Why Are `ATH’ Ratings Down? I Have a Theory
This is going to sound like blatant self-promotion, and you know what? I don’t give a damn. Late in 2010, when I left the daily ESPN debate show called “Around The Horn,” the ratings were at an all-time peak. Average viewership in the 5:00-5:30 p.m. ET block was rounded off at 943,000, and while the pseudo-intellects in Bristol were too snooty to admit it, the driving force behind the program was the daily verbal duel between me and fellow panelist Woody Paige.
I know this because I couldn’t walk 10 feet anywhere — an airport in Phoenix, a side street in New York, a casino in Vegas, a museum in Italy — without someone stopping and asking, “Do you really hate Woody?” And he’d get the same thing. Both of us were successful, award-winning columnists in larger markets, and when the original executive behind the show, Mark Shapiro, instructed the panelists to “think frat houses” for our target audience, Woody took the mandate to heart. He’d show up in wild outfits, butcher sports names and write a daily yuk-yuk slogan on a chalkboard visible in his studio.
And I was so appalled by his act, I went after him. Every day. I didn’t really care about ESPN’s audience — it was one of my three media jobs — but the ratings climbed each year, so much that the pseudo-intellects in Bristol were too busy counting profits from the show to turn up their noses at us.
Well, I ran across a report in SportsBusiness Journal last week that published the most recent 2013 numbers for “ATH.” In three years, viewership has dropped to a stunning 763,000 and, at one point, fell as low as 747,000. That’s a slide of almost 200,000, an unheard-of ratings erosion for a longstanding show at the World Wide Leader. Yes, more folks are watching ESPN programs on DVRs and mobile apps, but still — 200,000 FEWER VIEWERS are watching the show live at 5. And don’t tell me eyeballs are going to Fox Sports 1, MLB Network and the NBC Sports Network, because numbers for their shows in the same time slot are cricket-minimal.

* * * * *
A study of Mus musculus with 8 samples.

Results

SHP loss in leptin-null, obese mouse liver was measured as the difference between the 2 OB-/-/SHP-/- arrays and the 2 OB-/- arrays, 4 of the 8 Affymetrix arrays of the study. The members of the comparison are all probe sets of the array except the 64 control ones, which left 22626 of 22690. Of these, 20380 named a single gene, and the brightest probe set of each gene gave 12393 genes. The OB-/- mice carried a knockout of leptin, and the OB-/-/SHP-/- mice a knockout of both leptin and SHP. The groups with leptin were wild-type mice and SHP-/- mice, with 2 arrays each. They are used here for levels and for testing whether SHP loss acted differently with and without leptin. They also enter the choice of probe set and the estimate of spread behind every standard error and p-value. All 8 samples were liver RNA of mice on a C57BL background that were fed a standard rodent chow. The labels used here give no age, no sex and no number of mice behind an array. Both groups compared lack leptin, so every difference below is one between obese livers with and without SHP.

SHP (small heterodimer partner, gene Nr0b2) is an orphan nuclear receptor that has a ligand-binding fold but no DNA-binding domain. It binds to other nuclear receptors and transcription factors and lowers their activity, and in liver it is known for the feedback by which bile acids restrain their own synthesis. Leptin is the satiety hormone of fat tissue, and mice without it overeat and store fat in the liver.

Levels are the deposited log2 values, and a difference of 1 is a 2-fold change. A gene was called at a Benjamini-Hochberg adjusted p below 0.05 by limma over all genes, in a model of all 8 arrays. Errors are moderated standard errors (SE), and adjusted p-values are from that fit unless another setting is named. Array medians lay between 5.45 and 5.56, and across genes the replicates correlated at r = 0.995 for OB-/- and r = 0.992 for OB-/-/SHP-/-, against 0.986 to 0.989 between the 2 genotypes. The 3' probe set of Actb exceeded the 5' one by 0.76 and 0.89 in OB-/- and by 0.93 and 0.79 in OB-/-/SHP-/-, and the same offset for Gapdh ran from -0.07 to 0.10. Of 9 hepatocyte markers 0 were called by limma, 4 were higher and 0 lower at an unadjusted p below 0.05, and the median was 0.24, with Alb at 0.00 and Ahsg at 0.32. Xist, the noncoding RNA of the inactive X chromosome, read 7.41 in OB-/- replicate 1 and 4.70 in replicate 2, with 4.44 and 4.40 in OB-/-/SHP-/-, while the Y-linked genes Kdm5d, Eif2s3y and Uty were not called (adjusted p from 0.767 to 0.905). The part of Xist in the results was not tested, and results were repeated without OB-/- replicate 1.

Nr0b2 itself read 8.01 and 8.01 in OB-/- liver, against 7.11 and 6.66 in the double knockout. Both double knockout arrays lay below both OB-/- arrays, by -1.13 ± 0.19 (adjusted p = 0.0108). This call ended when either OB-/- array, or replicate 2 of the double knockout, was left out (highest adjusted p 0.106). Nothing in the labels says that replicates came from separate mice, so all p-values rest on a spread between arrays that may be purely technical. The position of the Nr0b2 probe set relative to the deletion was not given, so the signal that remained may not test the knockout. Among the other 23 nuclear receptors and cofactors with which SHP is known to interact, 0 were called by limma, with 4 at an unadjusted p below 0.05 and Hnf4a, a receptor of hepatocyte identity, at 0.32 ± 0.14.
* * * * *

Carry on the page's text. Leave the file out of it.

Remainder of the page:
Sorry, but I have no choice but to conclude this: The difference between 943,000 watching in 2010 and 763,000 watching now is … me. I’m not on the show. I tune in from time to time, and candidly, though I love the producers and panelists and even the punk-ass host who always muted me, it’s kind of boring now. Everyone is smiling. Everyone is getting along. Everyone is letting Woody get away with being Woody.
For more details, read my corresponding Open Letter elsewhere on the mariottishow.com site. A high-ranking ESPN executive told me earlier this year, during dinner in Malibu, that “ATH” also needed more diversity on the panel. High-ranking ESPN executives tend to think every person on the air is an interchangeable part, but in this case, I am pleased to report they’re wrong. When you’re the biggest sports network on earth and arguably the biggest network period, there is no excuse for losing large chunks of late-afternoon audience on the blowtorch.
And the beautiful thing? No one can mute me for saying it.